By Lawrence Lessig
Public Domain Books
Since the inception of the law regulating creative property, there has been a war against “piracy.” The precise contours of this concept, “piracy,” are hard to sketch, but the animating injustice is easy to capture. As Lord Mansfield wrote in a case that extended the reach of English copyright law to include sheet music,
“A person may use the copy by playing it, but he has no right to rob the author of the profit, by multiplying copies and disposing of them for his own use.” 
Today we are in the middle of another “war” against “piracy.” The Internet has provoked this war. The Internet makes possible the efficient spread of content. Peer-to-peer (p2p) file sharing is among the most efficient of the efficient technologies the Internet enables. Using distributed intelligence, p2p systems facilitate the easy spread of content in a way unimagined a generation ago.
This efficiency does not respect the traditional lines of copyright. The network doesn’t discriminate between the sharing of copyrighted and uncopyrighted content. Thus has there been a vast amount of sharing of copyrighted content. That sharing in turn has excited the war, as copyright owners fear the sharing will “rob the author of the profit.”
The warriors have turned to the courts, to the legislatures, and increasingly to technology to defend their “property” against this “piracy.” A generation of Americans, the warriors warn, is being raised to believe that “property” should be “free.” Forget tattoos, never mind body piercing—our kids are becoming thieves!
There’s no doubt that “piracy” is wrong, and that pirates should be punished. But before we summon the executioners, we should put this notion of “piracy” in some context. For as the concept is increasingly used, at its core is an extraordinary idea that is almost certainly wrong.
The idea goes something like this:
“Creative work has value; whenever I use, or take, or build upon the creative work of others, I am taking from them something of value. Whenever I take something of value from someone else, I should have their permission. The taking of something of value from someone else without permission is wrong. It is a form of piracy.”
This view runs deep within the current debates. It is what NYU law professor Rochelle Dreyfuss criticizes as the “if value, then right” theory of creative property —if there is value, then someone must have a right to that value. It is the perspective that led a composers’ rights organization, ASCAP, to sue the Girl Scouts for failing to pay for the songs that girls sang around Girl Scout campfires.  There was “value” (the songs) so there must have been a “right”— even against the Girl Scouts.
This idea is certainly a possible understanding of how creative poperty should work. It might well be a possible design for a system of law protecting creative property. But the “if value, then right” theory of creative property has never been America’s theory of creative property. It has never taken hold within our law.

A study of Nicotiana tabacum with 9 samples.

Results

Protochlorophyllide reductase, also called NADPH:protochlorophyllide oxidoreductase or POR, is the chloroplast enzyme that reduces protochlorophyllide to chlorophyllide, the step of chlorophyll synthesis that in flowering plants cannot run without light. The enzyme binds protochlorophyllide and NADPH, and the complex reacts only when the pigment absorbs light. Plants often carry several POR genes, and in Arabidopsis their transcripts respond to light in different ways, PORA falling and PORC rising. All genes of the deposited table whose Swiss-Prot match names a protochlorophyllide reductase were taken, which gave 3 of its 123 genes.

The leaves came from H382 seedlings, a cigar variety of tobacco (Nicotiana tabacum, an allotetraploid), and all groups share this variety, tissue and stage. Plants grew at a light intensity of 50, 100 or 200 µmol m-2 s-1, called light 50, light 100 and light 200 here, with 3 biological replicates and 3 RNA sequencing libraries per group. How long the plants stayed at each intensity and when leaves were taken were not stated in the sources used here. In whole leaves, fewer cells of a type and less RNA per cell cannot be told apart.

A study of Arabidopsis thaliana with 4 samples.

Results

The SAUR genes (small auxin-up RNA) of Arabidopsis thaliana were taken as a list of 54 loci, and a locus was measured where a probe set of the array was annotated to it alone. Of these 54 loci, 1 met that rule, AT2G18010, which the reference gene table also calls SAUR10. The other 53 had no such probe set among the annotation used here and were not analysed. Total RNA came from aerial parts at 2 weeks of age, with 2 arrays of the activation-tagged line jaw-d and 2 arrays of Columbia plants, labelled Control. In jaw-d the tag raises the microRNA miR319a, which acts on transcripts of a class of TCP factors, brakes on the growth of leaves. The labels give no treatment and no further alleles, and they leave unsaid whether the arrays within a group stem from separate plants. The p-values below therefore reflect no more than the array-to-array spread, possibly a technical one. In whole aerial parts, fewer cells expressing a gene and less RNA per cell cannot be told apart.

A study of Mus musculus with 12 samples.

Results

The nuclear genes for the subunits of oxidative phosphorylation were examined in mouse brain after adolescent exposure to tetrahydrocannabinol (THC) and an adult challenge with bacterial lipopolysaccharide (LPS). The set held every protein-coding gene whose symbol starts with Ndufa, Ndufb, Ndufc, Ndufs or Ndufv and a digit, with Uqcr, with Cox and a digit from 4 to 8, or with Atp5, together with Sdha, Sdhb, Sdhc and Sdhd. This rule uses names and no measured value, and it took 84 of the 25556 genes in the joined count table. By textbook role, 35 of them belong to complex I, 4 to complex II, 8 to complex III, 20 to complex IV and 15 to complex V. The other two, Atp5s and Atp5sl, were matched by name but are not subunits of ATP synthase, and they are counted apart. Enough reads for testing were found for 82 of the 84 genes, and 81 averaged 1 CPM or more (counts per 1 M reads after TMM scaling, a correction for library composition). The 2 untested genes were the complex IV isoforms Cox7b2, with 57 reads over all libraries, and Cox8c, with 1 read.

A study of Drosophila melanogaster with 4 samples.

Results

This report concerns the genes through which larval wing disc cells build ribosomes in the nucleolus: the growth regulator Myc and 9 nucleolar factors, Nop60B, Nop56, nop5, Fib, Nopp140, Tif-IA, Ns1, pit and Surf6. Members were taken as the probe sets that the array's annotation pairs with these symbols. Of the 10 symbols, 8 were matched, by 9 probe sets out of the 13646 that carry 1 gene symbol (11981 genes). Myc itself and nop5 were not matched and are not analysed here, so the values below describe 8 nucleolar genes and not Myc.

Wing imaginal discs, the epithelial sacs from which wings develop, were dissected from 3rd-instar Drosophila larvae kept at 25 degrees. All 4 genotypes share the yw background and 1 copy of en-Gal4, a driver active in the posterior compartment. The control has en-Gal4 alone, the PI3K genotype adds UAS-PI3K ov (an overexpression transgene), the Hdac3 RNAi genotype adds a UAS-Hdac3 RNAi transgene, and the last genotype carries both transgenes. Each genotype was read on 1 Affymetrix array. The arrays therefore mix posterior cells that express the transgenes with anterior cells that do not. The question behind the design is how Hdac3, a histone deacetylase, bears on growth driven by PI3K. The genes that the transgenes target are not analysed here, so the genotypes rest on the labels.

Instead, in our tradition, intellectual property is an instrument. It sets the groundwork for a richly creative society but remains subservient to the value of creativity. The current debate has this turned around. We have become so concerned with protecting the instrument that we are losing sight of the value.
The source of this confusion is a distinction that the law no longer takes care to draw—the distinction between republishing someone’s work on the one hand and building upon or transforming that work on the other. Copyright law at its birth had only publishing as its concern; copyright law today regulates both.
Before the technologies of the Internet, this conflation didn’t matter all that much. The technologies of publishing were expensive; that meant the vast majority of publishing was commercial. Commercial entities could bear the burden of the law—even the burden of the Byzantine complexity that copyright law has become. It was just one more expense of doing business.
But with the birth of the Internet, this natural limit to the reach of the law has disappeared. The law controls not just the creativity of commercial creators but effectively that of anyone. Although that expansion would not matter much if copyright law regulated only “copying,” when the law regulates as broadly and obscurely as it does, the extension matters a lot. The burden of this law now vastly outweighs any original benefit—certainly as it affects noncommercial creativity, and increasingly as it affects commercial creativity as well. Thus, as we’ll see more clearly in the chapters below, the law’s role is less and less to support creativity, and more and more to protect certain industries against competition. Just at the time digital technology could unleash an extraordinary range of commercial and noncommercial creativity, the law burdens this creativity with insanely complex and vague rules and with the threat of obscenely severe penalties. We may be seeing, as Richard Florida writes, the “Rise of the Creative Class.”  Unfortunately, we are also seeing an extraordinary rise of regulation of this creative class.
These burdens make no sense in our tradition. We should begin by understanding that tradition a bit more and by placing in their proper context the current battles about behavior labeled “piracy.”